This webinar gives you the tools to perform an accurate analysis of your business technology needs.


Good Food businesses are complicated. There are many types of exchanges that a business must track accurately, including money, food, plans, etc. And there are a large number of constituents that need to these goods or information - growers, buyers, consumers, drivers, and warehouse personnel to name a few.

In the 21st century, we must use software to ensure all pieces of our business are accurately served. But how do you choose the right technology to help run your business? A solution that does not fit your business could well cost a lot of money, and worse, lost productivity.

The first step in choosing the right solution is a deep understanding of your own business. With the right analysis you can make technology choices with greater speed, and with confidence. This webinar gives you the tools to perform an accurate analysis of your business technology needs. Although the presentation focuses on food hubs (arguably one of the more complicated Good Food businesses, as a "middle man" interacting with all pieces of the food system), the same theories apply to ALL businesses.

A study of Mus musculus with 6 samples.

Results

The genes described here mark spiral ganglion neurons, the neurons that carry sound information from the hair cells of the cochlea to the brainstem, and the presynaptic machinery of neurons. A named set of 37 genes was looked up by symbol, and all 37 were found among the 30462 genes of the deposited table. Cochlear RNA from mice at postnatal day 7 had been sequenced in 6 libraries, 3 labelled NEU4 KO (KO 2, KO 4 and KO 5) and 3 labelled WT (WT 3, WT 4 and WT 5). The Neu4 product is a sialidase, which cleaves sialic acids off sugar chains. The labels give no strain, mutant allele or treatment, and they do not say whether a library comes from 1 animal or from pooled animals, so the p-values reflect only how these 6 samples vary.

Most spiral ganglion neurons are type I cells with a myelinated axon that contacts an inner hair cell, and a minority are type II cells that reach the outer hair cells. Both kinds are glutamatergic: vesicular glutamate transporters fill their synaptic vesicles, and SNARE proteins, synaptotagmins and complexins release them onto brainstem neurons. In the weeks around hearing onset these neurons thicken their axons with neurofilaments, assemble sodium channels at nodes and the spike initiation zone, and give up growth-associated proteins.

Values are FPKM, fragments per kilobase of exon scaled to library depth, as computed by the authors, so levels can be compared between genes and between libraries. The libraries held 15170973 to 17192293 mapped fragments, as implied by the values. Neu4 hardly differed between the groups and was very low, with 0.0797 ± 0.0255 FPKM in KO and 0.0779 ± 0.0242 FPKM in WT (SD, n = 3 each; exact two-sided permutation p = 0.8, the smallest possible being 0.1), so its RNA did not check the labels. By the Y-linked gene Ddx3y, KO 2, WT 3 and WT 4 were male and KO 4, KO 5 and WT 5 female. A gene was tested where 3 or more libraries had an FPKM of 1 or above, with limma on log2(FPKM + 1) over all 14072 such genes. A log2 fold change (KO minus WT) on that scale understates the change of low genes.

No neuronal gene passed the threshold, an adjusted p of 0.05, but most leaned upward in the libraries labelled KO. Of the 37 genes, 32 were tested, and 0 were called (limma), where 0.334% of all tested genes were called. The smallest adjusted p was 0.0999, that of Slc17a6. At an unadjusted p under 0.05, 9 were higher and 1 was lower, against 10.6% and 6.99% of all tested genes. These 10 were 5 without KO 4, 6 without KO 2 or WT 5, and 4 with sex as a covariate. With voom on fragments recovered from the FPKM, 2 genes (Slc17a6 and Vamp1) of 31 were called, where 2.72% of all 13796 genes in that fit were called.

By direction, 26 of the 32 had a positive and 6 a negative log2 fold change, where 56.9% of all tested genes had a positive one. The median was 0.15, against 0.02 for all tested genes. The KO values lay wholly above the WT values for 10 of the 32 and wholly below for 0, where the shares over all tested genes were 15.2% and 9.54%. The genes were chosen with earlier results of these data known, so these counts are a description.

Download the slides (PDF)


Presenter Bio

Saloni Doshi

Saloni DoshiCurrently an associate at New Venture Advisors, Saloni was most recently the co-founder and co-CEO of Fresh Takes Kitchen, a for-profit social venture making healthy eating accessible to lower-income individual and family customers through a meal delivery service marketed and distributed through partnering community organizations such as schools, churches and recreation centers. She previously worked as a Strategy and Operations Consultant for Oliver Wyman where she drove product optimization, procurement and staffing strategies for Fortune 100 companies. Then, as Managing Director for Teach for America, Saloni developed cross-sector partnership-building strategies addressing the unique needs of under-resourced urban and rural communities.

Saloni graduated Magna Cum Laude from Princeton University with a B.S. in Operations Research and Financial Engineering and holds an M.B.A. from Northwestern University's Kellogg School of Management. She combines her keen interest in sustainable agriculture, local food systems and food access as a leader of and important contributor to NVA's studies and business plans.